With news of the latest weight-loss product on people’s lips (literally?It’s lip gloss That’s supposed to suppress appetite), we couldn’t help wondering about some of the other odd weight-management schemes that have come along. So pry your eyes off the scale and check out some of these interesting gems (interesting, though not necessarily recommended).
This site takes you on a tour of unusual dietary practices through the ages, from the Brussels sprouts diet to being a Breatharian (living on air, light, and little else). Anyone need to go to the vomitorium?
Hmm, let’s see: drink a bottle of Skinny Water an hour before each meal to suppress your appetite. No idea how much a bottle of this stuff costs, but since water is a natural appetite suppressant, you might want to reach for the tap before you reach for your wallet.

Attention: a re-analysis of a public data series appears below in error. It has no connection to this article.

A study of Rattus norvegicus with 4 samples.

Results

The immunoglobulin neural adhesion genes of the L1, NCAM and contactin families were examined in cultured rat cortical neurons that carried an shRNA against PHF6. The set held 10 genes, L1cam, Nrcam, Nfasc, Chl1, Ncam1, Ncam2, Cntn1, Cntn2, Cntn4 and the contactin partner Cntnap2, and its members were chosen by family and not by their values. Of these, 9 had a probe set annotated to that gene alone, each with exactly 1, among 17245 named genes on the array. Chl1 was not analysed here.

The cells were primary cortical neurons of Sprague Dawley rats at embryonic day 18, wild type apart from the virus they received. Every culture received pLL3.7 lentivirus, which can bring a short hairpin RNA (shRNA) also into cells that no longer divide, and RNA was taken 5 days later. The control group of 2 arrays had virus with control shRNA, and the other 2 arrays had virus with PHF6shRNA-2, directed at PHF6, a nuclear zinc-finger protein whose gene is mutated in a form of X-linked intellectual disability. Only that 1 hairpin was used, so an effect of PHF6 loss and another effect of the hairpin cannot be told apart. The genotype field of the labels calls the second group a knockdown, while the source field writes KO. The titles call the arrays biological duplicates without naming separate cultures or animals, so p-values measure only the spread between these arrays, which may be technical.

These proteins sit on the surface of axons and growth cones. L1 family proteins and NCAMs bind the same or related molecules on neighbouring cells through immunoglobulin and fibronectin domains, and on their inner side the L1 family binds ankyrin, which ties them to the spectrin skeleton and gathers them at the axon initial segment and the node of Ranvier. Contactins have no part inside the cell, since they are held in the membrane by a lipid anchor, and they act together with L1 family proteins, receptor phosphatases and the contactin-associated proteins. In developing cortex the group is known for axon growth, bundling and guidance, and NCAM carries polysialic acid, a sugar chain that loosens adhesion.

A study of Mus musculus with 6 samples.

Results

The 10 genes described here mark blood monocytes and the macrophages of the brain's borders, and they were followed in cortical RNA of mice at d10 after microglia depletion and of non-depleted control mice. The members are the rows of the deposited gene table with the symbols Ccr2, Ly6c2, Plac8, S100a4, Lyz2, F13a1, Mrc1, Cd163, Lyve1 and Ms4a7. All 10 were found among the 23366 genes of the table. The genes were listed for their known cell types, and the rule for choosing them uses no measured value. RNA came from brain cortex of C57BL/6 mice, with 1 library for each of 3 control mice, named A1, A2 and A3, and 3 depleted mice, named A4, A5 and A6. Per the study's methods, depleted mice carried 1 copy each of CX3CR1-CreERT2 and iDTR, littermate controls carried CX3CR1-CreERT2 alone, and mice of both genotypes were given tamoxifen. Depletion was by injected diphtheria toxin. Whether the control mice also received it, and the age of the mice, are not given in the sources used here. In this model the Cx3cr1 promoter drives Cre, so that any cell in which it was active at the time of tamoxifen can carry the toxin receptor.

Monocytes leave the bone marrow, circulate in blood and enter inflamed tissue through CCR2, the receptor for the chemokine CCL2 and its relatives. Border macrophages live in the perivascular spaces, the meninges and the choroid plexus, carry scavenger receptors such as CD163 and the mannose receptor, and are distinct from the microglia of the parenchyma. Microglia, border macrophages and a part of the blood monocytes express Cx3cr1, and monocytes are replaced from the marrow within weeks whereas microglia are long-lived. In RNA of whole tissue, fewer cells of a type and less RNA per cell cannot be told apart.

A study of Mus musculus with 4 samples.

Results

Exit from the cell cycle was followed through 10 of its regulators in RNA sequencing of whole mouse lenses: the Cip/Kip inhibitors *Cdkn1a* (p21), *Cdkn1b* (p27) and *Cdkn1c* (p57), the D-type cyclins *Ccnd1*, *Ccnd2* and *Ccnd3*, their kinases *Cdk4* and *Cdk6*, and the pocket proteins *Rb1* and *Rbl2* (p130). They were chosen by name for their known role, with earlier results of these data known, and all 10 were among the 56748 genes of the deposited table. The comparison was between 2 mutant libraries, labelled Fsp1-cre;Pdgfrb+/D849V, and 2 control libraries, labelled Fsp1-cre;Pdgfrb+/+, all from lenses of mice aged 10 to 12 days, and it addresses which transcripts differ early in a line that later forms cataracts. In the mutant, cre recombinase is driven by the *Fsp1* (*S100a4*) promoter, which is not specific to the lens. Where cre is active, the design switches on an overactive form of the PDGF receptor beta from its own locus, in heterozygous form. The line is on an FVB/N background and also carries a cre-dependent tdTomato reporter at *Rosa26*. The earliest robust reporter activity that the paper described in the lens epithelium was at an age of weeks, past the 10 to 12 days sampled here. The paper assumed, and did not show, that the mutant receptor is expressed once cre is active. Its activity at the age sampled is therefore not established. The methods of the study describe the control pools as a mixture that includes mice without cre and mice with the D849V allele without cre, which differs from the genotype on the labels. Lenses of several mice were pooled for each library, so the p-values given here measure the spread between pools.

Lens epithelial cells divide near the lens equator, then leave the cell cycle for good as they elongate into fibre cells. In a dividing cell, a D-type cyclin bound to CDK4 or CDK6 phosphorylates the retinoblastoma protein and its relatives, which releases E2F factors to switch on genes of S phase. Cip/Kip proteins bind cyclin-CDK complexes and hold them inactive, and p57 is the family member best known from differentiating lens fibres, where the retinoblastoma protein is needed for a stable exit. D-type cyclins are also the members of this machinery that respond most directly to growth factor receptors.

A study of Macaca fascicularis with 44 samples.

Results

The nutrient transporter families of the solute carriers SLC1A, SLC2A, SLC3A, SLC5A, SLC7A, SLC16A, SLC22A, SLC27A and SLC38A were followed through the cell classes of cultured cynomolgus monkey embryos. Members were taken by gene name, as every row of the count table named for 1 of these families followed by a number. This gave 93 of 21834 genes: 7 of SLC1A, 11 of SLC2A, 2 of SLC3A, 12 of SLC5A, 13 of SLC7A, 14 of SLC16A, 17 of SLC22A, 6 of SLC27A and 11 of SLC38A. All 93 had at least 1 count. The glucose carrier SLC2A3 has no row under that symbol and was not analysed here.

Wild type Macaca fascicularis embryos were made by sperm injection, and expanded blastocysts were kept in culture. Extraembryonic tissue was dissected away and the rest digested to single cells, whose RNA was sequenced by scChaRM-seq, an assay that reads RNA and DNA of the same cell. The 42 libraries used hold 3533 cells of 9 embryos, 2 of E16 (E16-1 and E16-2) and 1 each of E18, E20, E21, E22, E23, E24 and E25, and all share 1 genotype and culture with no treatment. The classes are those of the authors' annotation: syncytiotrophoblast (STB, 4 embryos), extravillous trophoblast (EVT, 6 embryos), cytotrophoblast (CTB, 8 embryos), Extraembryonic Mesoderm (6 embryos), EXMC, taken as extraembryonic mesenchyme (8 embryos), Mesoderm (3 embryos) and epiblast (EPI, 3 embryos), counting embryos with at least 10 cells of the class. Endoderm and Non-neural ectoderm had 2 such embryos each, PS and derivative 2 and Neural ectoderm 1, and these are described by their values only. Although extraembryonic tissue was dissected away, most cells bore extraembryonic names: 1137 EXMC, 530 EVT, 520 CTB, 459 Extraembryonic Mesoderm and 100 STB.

Although the typical diet of children in Victorian workhouses (bread, cooked meat, rice pudding or suet, gruel, broth) wasn’t meant as a weight-loss fad, it appears to be making a comeback: for the first time in more than 100 years, the Manual of Workhouse Cookery has been republished. Watery gruel all round!
No surprise here. Although these ?miracle? weight-loss plans vary from the tapeworm diet (swallowing a live tapeworm) to the Hollywood diet (subsisting on nothing but juice) and beyond, they all have one basic rule in common: limiting caloric intake. And to think people have made millions by marketing common sense.
Slow food. Just the sound of it conjures up images of fresh, local produce, delicious aromas, and long conversations as you enjoy the sights and tastes of your meal. If You’re scarfing down some fast food as you stare at your computer, push those French fries aside and savour a few minutes here.